Sep 28 2012
Whatever It was
by Devara Dasimayya
English version by A. K. Ramanujan
Whatever It was
that made this earth
the world its life,
the wind its pillar,
arranged the lotus and the moon,
and covered it all with folds
with Itself inside,
to that Mystery
indifferent to differences,
to It I pray,
— from Speaking of Siva, by A K Ramanujan
/ Photo by FallenKnite /
In this poem Devara Dasimayya almost appears to be describing a piece of architecture or sculpture: the earth as the base, a pillar topped with a lotus and the moon, draped in a folded material “of sky.” And some mysterious “It” is both makes this structure and houses Itself within the creation.
We can understand this poem as a description of the body and its spiritual energies. The body’s fundamental material, its “base” material, is earth. The wind or vital breath is its pillar, traveling up the energetic column of the subtle spine. The lotus is the crown chakra and the moon is the brow chakra, often called the third eye. To be “covered… with folds / of sky” is to be surrounded and filled by akasha or the subtle ether that permeates all space. Akasha is sometimes described as being in “folds” as an early metaphor (appropriate to a weaver) that suggests how distant points of the same fabric can touch, Point A can touch point B by folding the cloth together until they meet. A more contemporary idea is the hologram, where every point contains the whole image within it, thus every point contains or is connected with every other point. The etheric akasha is the same way; it is holographic — through this subtle substance of awareness, all points touch.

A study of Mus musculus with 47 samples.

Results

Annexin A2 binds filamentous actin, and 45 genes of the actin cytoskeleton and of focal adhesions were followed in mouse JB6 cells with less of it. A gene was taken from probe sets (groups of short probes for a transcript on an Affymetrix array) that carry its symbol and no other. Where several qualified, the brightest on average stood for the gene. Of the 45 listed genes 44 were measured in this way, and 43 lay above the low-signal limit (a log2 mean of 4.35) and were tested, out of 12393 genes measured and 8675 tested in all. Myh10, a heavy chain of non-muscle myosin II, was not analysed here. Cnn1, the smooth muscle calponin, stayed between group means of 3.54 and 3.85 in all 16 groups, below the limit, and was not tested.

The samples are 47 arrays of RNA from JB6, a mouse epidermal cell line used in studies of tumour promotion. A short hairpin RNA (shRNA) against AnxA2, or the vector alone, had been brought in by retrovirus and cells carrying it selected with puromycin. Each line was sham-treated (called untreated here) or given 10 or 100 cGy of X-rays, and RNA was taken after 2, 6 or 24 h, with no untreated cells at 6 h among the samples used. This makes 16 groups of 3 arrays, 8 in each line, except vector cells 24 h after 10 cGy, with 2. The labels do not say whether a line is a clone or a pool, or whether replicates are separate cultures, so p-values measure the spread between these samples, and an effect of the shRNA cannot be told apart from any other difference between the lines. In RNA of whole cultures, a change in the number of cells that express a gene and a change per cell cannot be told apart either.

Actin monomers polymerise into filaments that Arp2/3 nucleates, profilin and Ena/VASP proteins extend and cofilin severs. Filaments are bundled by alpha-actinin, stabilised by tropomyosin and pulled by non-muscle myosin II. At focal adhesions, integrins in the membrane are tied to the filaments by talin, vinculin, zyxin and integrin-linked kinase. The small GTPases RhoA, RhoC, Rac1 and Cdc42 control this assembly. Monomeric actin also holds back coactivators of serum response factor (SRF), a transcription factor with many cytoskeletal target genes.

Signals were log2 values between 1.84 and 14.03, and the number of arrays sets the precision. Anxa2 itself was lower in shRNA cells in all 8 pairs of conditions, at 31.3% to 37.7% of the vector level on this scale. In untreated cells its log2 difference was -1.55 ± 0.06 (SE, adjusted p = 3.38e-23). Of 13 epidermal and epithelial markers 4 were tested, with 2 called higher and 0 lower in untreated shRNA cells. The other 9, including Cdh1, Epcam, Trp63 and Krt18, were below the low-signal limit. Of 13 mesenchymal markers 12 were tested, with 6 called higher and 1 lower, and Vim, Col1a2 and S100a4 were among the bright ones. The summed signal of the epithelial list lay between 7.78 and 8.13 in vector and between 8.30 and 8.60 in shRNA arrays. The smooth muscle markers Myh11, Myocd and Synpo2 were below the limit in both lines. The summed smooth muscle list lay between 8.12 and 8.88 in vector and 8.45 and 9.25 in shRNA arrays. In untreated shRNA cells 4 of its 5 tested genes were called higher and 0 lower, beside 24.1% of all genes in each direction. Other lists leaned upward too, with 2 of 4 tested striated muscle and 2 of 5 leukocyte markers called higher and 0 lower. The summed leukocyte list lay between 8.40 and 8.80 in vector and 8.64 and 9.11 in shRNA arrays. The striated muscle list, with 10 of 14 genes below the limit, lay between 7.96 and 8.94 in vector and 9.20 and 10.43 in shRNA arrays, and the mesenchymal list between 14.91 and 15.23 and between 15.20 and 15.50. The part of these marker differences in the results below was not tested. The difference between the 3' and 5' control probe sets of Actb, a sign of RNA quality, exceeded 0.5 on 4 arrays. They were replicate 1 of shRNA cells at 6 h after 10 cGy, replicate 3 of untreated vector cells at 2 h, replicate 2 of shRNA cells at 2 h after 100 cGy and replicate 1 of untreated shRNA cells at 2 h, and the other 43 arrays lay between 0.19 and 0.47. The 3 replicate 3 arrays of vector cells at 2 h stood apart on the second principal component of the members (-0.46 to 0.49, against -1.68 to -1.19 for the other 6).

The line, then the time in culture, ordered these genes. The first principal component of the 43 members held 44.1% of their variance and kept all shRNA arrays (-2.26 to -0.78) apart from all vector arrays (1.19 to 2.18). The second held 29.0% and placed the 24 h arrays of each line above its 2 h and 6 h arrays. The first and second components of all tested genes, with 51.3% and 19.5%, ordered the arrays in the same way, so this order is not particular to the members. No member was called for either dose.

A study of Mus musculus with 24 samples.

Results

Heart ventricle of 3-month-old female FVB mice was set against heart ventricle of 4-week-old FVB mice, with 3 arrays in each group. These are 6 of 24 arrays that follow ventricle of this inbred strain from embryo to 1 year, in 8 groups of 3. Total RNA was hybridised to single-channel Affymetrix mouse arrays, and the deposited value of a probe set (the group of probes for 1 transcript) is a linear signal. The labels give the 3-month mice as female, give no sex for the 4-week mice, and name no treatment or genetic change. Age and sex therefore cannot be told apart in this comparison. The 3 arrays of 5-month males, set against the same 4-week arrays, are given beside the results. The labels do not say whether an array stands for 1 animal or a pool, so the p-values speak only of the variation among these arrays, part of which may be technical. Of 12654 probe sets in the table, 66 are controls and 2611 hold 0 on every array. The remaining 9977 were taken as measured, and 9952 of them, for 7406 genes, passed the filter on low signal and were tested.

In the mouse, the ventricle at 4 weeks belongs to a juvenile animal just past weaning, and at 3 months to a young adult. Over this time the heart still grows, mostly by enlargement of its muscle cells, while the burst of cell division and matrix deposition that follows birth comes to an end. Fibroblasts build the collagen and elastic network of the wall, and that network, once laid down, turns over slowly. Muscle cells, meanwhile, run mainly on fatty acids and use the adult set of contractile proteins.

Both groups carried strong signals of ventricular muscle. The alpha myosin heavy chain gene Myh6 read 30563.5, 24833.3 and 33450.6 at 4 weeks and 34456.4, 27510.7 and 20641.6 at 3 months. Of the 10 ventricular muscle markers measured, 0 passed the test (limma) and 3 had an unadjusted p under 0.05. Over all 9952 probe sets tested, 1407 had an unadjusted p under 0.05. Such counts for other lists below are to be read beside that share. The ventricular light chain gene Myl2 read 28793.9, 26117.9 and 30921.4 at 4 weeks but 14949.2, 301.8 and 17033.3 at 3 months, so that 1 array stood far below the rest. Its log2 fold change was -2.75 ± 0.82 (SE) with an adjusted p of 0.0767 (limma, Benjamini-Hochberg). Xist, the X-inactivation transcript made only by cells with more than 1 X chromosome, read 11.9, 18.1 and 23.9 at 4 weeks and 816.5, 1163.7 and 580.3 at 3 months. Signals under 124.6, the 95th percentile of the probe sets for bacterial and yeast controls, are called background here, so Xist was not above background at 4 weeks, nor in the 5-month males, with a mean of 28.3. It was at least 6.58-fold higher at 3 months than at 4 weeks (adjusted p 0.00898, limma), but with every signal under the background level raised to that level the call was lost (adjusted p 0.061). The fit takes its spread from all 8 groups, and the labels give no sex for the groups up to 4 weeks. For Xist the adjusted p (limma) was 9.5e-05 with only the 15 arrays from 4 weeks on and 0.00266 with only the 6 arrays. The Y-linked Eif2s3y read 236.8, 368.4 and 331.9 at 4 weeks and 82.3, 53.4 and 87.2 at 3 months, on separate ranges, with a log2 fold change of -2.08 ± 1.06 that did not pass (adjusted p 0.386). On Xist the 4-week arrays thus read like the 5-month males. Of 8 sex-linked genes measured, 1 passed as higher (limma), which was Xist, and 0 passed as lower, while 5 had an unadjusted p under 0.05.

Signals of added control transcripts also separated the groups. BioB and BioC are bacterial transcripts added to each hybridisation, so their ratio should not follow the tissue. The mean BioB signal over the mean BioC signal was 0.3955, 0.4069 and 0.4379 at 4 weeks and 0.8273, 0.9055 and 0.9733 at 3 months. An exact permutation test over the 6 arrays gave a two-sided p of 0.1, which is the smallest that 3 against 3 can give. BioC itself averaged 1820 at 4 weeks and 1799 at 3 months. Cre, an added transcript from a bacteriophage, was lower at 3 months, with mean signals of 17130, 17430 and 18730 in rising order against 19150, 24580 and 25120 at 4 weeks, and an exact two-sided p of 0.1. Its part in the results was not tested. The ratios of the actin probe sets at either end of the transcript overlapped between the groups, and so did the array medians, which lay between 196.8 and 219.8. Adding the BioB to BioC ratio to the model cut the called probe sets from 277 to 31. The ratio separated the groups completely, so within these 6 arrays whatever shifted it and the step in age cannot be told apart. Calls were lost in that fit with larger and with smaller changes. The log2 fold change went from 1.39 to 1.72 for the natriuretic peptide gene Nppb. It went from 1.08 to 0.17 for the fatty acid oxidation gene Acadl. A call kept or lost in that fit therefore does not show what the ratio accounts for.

And within this magical compilation of forces, dense and subtle, that make up the body — “with Itself inside” — resides “that Mystery.” God, here, is not an external being or force, but a presence within. The truth of the mystic is to look within for the Divine.
In Devara Dasimayya’s vision, God is “indifferent to differences,” that is, the Eternal is perfectly whole, complete, still. The Eternal One witnesses the fluctuations of dualistic experience without being tainted or disturbed by it. There is no fluctuation amidst the fluctuations. There is a universal oneness amidst the endless variety.
To that “It” does the whole universe pray…
Dasimayya addressed his poems to Ramanatha, or “Rama’s lord,” a reference to Shiva as worshipped by the divine hero-king Rama.
Tradition says that Dasimayya was performing intense ascetic practices in a jungle when Shiva appeared to him and told him to stop punishing his body. Shiva urged him instead to work in the world. Dasimayya renounced his extreme practices and took up the trade of a weaver.
Like most Virasaivas who followed him, this gentle saint taught a life of complete non-violence, even teaching local hunting tribes to renounce meat and, instead, provide for themselves through pressing and selling olive oil.
Dasimayya became a famous teacher, eventually giving initiation to the wife of the local king, who was a Jain. Dasimayya engaged in several debates with the powerful Jain community and, through a series of miraculous events, managed to convert large numbers to the worship of his loving vision of Shiva as the eternal God.